COVID-19 Texts from Health Care Providers Legal Under TCPA, FCC Confirms
Late Friday, the FCC released a Declaratory Ruling clarifying that the COVID-19 pandemic qualifies as an “emergency” under the TCPA’s emergency purposes exception. That means health care providers don’t need the prior express consent of the called parties, as they ordinarily would. The TCPA prohibits all calls and texts made by an automatic telephone dialing system unless those calls and texts are made with the prior express consent of the called party or are made for an emergency purpose. The FCC clarified that the current COVID-19 pandemic constitutes the kind of imminent health risk to the public the emergency purposes exception is meant to address.
In order to take advantage of the exception, the caller — or sender of a text message — “must be from a hospital, or be a health care provider, state or local health official, or other government official as well as a person under the express direction of such an organization and acting on its behalf.” The content of the message must be solely informational and directly related to the imminent health or safety risk arising out of the COVID-19 outbreak. The messages can include informational calls or texts that “inform and update the public regarding measures to address the current pandemic made on behalf of, and at the express direction of, a health care provider.” The FCC found that these messages are time-sensitive communications that citizens generally welcome.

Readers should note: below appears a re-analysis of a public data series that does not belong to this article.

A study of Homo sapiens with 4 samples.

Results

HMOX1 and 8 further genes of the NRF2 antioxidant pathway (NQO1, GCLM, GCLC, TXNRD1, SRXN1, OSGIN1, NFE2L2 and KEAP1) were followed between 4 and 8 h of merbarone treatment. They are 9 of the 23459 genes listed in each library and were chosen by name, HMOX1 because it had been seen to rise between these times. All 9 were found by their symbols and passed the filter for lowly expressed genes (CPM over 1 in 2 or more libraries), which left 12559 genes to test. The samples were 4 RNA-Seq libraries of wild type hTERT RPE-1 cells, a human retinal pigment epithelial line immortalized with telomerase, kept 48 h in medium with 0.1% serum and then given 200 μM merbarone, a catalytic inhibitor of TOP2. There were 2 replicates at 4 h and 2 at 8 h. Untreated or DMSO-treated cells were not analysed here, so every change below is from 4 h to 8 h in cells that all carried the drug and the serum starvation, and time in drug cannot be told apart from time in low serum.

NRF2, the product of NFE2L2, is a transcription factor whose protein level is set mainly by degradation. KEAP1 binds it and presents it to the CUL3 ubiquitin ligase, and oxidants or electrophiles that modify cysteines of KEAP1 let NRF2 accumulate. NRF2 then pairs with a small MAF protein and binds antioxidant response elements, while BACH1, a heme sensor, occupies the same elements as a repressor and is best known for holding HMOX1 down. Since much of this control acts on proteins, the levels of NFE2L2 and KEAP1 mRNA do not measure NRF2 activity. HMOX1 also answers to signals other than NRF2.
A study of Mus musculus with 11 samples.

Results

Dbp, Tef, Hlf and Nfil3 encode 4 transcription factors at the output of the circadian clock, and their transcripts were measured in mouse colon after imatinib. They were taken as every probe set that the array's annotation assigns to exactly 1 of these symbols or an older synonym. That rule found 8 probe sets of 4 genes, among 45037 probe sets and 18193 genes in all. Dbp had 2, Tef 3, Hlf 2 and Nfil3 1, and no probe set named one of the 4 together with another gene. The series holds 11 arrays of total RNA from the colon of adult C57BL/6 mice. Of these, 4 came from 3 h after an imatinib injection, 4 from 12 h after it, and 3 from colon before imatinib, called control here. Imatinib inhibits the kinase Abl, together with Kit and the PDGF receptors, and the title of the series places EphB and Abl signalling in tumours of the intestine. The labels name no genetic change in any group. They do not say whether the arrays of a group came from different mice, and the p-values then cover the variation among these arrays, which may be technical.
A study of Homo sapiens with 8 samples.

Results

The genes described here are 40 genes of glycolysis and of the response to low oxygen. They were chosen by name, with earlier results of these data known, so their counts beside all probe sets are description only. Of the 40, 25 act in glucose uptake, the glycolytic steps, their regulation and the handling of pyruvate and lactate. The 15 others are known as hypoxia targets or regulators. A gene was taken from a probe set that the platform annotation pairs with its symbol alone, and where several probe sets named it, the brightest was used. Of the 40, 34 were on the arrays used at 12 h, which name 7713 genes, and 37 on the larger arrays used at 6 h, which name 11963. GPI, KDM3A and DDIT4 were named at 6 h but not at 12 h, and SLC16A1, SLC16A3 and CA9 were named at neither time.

The FCC also noted that the exception does not apply to any communications that include marketing — even if it is COVID-19 related. Thus, texts selling face masks, offering grocery delivery, health insurance, or home test kits, for example, are still prohibited. Communications to collect medical debt accumulated as a result of the pandemic are likewise not permitted without prior express consent, because they are not directly related to an imminent health or safety risk. Finally, the FCC urged consumers to be vigilant of fraudulent robocalls and scams offering free home testing kits, promoting bogus cures, and preying on virus-related fears. Such scammers are, of course, not covered by the emergency purposes exception, and the Commission will enforce its rules against bad actors where appropriate.